DALLAS – El Paso, Texas, would issue $60.8 million of revenue bonds to build a downtown baseball stadium under a revised financial plan that doubles the facility’s rent.

Investors in the Class AAA minor league team set to occupy the 9,000-seat stadium in 2014 offered Thursday to extend the lease and pay an additional rent totaling $12.1 million over that span to support the 30-year revenue bonds.

Josh Hunt of MountainStar Sports Group proposed a five-year extension of the 25-year lease and non-relocation agreement with the city. The annual rent would be raised to $400,000 from $200,000 in the original agreement, with 10% increases every five years.

Instead of paying $17.3 million to the city over 25 years, Hunt said, the rent, parking fees, and ticket surcharges will total $29.4 million over 30 years.

“In the later years of the lease, you're talking about an annual rent in the $700,000-plus range," Hunt said.

The El Paso City Council in late May capped the 25-year bonds supported by the city’s hotel tax at $52.8 million after rejecting a proposal to add $10 million to the project’s cost.

Mayor John Cook put the revised lease and construction agreements on the June 18 council agenda.

Increasing the debt capacity to $60.8 million will allow the construction of a four-level, grass-field stadium with suites and other amenities, Cook said at Thursday’s news conference.

"I want to congratulate (MountainStar) for stepping up to the plate and finding a way that we could make this not just a Triple-A baseball stadium that would meet the requirements of Triple-A, but to go beyond that and make it a showcase," he said.

The revised agreement developed by Alan Shubert, the city engineer overseeing the stadium project, includes a maximum construction price of $52.2 million for the stadium, up from the original $40 million contract.

A $40 million stadium would be a good ballpark, Cook said, “but it would not be the ballpark we deserve.”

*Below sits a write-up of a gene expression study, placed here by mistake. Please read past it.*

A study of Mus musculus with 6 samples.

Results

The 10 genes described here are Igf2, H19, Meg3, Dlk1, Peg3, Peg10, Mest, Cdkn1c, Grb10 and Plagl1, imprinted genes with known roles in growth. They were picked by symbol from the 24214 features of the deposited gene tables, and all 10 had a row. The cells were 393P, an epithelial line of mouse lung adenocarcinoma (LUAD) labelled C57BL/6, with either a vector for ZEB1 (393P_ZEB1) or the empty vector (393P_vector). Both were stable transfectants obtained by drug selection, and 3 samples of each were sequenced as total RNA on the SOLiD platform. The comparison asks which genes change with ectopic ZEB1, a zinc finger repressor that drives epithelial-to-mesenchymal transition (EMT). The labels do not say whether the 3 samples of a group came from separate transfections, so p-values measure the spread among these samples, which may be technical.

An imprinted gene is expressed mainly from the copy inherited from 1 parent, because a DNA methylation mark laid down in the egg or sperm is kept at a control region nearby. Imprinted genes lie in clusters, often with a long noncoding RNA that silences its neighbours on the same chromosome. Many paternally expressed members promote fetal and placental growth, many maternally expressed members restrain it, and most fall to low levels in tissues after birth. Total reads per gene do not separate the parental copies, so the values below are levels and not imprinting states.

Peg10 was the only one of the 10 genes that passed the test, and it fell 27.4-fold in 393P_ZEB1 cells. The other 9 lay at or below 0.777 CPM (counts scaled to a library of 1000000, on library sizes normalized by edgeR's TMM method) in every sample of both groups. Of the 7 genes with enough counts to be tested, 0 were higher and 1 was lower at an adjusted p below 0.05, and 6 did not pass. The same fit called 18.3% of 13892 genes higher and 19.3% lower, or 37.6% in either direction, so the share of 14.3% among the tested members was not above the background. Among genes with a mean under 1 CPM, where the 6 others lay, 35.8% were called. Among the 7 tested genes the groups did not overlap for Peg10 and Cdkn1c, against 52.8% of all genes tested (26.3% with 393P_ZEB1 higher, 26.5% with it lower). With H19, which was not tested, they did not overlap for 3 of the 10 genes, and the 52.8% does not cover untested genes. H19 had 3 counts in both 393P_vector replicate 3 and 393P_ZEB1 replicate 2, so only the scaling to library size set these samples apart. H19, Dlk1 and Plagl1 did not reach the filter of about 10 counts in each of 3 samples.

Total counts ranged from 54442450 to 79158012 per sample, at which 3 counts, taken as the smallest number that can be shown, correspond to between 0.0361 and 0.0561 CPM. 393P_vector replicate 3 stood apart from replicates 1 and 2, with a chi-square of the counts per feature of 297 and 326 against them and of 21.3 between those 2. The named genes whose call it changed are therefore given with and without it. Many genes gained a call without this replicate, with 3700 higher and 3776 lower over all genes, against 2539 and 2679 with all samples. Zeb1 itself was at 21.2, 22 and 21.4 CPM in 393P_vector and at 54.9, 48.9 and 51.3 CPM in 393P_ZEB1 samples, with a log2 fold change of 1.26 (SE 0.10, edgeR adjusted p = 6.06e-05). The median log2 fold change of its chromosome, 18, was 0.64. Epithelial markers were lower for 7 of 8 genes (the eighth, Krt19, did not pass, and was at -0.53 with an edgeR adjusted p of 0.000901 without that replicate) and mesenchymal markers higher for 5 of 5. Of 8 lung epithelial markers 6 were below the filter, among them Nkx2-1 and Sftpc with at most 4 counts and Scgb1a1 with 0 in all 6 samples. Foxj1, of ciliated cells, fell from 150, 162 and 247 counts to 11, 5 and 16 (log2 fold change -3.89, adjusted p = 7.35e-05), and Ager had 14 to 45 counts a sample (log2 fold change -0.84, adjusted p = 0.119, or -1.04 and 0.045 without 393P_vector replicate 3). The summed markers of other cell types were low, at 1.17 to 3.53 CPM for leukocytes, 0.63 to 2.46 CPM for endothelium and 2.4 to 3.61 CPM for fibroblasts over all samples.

The new downtown stadium is under construction at the former site of El Paso City Hall and a science museum, which were razed in April.

The additional payments from the team will support $12.1 million of the revenue bonds. Revenue from an increase in the city’s hotel tax approved by voters in November 2012 will support $48.7 million of the stadium debt, said Carmen Arrieta-Canaleria, the city’s chief financial officer.

The city’s surcharge on tickets and parking fees will increase 10% in the final five years of the revised agreement, she said.

The revenue bonds will be issued by the City of El Paso Downtown Development Corp., which was formed by the council in December 2012 to finance and oversee the stadium project.

Underwriters for the special revenue bonds are Morgan Stanley & Co. LLC and Citi.

Fulbright & Jaworski LLC is bond counsel. First Southwest Co. is the city’s financial advisor.

El Paso’s $564.1 million of general obligation debt is rated AA by Fitch and Standard & Poor’s, and Aa2 by Moody’s Investors Service.

The 25-year special revenue bonds have been rated AA-minus by Standard & Poor’s and A-plus by Fitch.

The stadium is to be ready by the opening of the 2014 minor league season. MountainStar acquired the Tucson Padres franchise, which will move from Arizona next year.

Subscribe Now

Independent and authoritative analysis and perspective for the bond buying industry.

14-Day Free Trial

No credit card required. Complete access to articles, breaking news and industry data.